Volvo Cars, the premium car maker, and leading truck maker Volvo Trucks (independent companies despite the names) are to share real-time data to expand coverage of the companies’ connected safety technology—cloud-based systems that allow vehicle to communicate with each other and alert drivers of nearby hazards.
Volvo Trucks is introducing a cloud-based service, Connected Safety, which allows Volvo trucks and Volvo cars to automatically alert each other to hazardous traffic situations. Connected Safety was developed to send out alerts to nearby vehicles connected to the service whenever a driver activates the vehicle’s hazard warning lights.
Volvo Cars had launched its own passenger-car version of Connected Safety was launched by Volvo Cars in 2016. With Volvo Trucks now rolling out its own version of the service, trucks and cars are able to alert each other to potential hazards. This is possible because the two companies share safety-related data between their respective clouds.
This is the first time Volvo Cars is sharing safety-related data with another company. The collaboration with Volvo Trucks represents the first step towards achieving a critical mass of connected vehicles that could have a significant impact on overall traffic safety.
From 2018, live and anonymized data will be shared between selected Volvo trucks sold in Sweden and Norway with the company’s own hazard-alert systems, and Volvo cars equipped with Volvo Cars’ Hazard Light Alert system.
Volvo Cars has a strong history of sharing safety knowledge with others in the interest of saving as many lives as possible. In 1959, Volvo opened the patent for the three-point seatbelt to all other car makers, saving an estimated one million lives to date.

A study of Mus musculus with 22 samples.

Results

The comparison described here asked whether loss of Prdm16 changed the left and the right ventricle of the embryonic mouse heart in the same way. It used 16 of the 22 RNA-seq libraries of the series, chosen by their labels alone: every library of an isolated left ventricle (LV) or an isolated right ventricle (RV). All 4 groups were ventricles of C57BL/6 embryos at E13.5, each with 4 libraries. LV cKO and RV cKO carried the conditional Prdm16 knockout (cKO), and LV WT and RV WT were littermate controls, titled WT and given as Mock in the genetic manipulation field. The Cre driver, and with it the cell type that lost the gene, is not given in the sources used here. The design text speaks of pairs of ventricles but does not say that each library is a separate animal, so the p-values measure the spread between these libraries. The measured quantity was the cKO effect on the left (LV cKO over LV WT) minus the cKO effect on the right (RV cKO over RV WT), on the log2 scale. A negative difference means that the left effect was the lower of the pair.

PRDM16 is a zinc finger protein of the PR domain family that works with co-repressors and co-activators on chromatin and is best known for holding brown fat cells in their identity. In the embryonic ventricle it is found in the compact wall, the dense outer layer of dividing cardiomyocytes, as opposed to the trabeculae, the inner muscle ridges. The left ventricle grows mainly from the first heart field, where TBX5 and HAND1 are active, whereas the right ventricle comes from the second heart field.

Volvo Cars’ Hazard Light Alert technology was the first of its kind in the automotive industry. As soon as any equipped Volvo switches on its hazard lights, an alert is sent to all nearby Volvo cars connected to the cloud service, warning drivers to help avoid potential accidents. This is particularly useful on blind corners and over the crest of hills in the road.
Hazard Light Alert has been available in Sweden and Norway since 2016, where it is standard on all 90 and 60 series cars as well as the XC40. Adding selected models of Volvo Trucks’ fleet to the cloud will cover more area, identify more potential hazards and boost overall traffic safety. Both Volvo brands represent a considerable portion of new vehicle registrations in the region.
By anonymizing, validating and aggregating the data that is collected and shared, the initiative will comply with the General Data Protection Regulation (GDPR) that is rolled out across the EU this year.